Mystery in stone

The Coffin Man's calling card

The Coffin Man’s calling card

There once was an itinerant stone carver who traveled the dusty roads of upstate New York in a horse-drawn wagon loaded with quarried pieces of sandstone. He was looking for families who had recently buried loved ones, to sell them a headstone for the grave. His “signature” was the coffin shape he would chisel at the base of each headstone. The size, and the number of these coffin shapes would indicate whether the occupant was an adult or a child, and how many rested beneath this headstone.

The headstone in the Sanford Cemetery for George Sands, who died August 8, 1816 at age 83, was so inscribed. There are two coffins at the base; it is not known who the second person might have been.

For decades, the carver remained anonymous, known only as “The Coffin Man.” Researcher Mary Dexter of Cortland became obsessed with locating as many of his stones as she could (she found more than 200 of them over 30 years) and of trying to determine the carver’s name. At last, she discovered, in estate papers of one of his “customers,” a record of payment of $5 for a headstone and footstone to one Jonas W. Stewart.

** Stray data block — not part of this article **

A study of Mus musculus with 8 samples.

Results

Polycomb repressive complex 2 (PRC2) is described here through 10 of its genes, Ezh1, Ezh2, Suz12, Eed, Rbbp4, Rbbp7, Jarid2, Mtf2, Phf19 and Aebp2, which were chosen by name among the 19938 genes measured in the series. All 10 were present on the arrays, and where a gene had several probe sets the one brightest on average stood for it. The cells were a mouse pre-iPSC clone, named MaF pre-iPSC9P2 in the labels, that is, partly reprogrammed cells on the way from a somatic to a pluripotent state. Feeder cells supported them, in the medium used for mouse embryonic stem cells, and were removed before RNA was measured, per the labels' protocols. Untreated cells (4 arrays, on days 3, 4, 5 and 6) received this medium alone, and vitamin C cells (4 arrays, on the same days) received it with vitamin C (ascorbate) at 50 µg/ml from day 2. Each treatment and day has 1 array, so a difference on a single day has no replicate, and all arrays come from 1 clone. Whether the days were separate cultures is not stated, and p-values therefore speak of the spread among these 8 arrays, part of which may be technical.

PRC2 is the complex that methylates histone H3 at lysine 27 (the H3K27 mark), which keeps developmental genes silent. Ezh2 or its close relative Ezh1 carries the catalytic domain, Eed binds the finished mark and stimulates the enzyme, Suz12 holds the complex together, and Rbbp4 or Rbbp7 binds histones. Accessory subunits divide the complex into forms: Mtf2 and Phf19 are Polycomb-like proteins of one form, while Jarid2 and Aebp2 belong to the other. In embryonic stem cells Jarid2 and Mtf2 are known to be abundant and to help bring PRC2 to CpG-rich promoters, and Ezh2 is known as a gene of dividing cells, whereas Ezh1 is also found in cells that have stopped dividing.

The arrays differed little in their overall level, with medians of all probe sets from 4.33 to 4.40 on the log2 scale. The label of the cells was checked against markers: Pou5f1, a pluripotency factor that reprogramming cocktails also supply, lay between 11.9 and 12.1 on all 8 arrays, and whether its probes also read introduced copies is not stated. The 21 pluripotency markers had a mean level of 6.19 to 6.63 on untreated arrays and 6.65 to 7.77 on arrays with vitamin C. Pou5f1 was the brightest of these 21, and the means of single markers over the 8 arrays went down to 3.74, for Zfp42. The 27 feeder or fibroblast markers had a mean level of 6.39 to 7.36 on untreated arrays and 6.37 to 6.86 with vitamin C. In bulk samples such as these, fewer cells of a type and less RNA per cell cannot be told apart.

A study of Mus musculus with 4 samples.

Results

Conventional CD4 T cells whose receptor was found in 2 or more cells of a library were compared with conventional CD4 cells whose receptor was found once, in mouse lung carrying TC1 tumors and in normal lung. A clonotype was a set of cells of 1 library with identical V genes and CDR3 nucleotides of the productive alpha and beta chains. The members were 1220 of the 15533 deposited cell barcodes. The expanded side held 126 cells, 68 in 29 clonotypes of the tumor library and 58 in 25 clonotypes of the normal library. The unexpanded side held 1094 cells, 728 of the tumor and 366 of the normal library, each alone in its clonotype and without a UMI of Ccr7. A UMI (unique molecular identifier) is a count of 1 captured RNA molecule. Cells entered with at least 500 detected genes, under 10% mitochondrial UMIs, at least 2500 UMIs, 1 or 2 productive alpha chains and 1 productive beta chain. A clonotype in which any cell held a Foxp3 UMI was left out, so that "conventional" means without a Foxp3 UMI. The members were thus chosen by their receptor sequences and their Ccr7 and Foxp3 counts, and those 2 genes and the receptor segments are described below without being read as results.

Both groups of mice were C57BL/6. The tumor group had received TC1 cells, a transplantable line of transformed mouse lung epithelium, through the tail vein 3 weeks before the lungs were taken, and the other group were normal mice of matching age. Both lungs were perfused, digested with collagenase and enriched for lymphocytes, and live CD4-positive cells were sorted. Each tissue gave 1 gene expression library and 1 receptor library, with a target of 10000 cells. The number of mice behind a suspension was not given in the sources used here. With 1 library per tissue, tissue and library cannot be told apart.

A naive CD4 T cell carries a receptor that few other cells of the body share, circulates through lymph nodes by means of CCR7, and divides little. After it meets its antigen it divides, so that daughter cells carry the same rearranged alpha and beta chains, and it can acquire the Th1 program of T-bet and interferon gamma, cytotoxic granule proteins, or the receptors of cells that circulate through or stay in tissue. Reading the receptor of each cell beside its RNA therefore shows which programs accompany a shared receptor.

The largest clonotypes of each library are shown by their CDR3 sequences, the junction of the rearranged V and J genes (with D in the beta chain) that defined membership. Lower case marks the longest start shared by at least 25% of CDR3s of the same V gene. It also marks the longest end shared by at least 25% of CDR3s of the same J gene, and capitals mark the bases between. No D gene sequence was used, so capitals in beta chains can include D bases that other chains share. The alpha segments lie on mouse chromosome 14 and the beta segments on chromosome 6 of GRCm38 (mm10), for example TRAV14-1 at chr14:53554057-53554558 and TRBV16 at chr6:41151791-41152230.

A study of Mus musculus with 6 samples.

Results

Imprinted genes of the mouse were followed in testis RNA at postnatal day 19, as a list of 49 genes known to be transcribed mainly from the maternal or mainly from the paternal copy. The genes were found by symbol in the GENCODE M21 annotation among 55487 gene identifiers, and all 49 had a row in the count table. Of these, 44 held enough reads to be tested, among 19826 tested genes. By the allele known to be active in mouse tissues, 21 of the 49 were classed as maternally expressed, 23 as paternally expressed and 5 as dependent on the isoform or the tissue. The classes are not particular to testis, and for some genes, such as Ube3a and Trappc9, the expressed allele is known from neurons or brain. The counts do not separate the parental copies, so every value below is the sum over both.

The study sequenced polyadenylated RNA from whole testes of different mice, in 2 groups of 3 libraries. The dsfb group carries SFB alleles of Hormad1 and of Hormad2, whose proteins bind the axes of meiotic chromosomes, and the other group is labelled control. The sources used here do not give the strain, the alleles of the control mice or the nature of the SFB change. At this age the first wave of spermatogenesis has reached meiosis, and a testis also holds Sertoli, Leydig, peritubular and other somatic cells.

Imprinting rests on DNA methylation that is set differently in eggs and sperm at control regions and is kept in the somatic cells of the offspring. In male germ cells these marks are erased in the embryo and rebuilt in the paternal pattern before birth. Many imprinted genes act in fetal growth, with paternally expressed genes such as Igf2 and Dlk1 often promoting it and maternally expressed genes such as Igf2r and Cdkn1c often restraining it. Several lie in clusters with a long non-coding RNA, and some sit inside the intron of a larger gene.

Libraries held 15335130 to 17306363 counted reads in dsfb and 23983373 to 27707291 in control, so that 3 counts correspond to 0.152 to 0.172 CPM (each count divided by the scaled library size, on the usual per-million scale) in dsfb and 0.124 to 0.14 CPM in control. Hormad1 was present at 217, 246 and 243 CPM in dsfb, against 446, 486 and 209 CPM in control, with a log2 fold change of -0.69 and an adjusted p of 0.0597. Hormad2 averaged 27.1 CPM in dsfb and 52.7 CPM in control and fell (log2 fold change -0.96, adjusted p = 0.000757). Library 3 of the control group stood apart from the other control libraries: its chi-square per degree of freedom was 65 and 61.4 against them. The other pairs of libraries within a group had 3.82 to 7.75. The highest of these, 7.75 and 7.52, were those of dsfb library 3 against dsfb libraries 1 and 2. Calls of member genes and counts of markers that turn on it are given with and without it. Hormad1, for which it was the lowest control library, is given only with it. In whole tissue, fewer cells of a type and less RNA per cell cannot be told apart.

Stewart, it turns out, came from a family of stone carvers. Father Jonas was a well known carver in the Clermont, NH area. Jonas W. Stewart II was born in Clermont in 1778. J. W. and his brother James followed in their father’s footsteps, but each developed a unique, recognizable carving style, and each staked out stone peddling territories of their own.

J. W., the “Coffin Man,” settled in Coventryville, Chenango County, near a quarry where he got the stone for his craft. J. W. Stewart traveled throughout eastern New York and northern Pennsylvania. His stones have been found in a 4,000-square mile area – the one for George Sands, who was originally buried in an area now under the waters of the Pepacton Reservoir, is the easternmost example of Stewart’s work that Mary Dexter has found. She believes he carved from 1811 to 1822, though many of his stones bear earlier dates, because it was often years before a family had a monument erected for a deceased loved one.

The Coffin Man may have been prolific, but he wasn’t perfect: He left the ‘r’ out of George Sands’ name. But at least George got a headstone. The same cannot be said for The Coffin Man, whose own grave has never been found.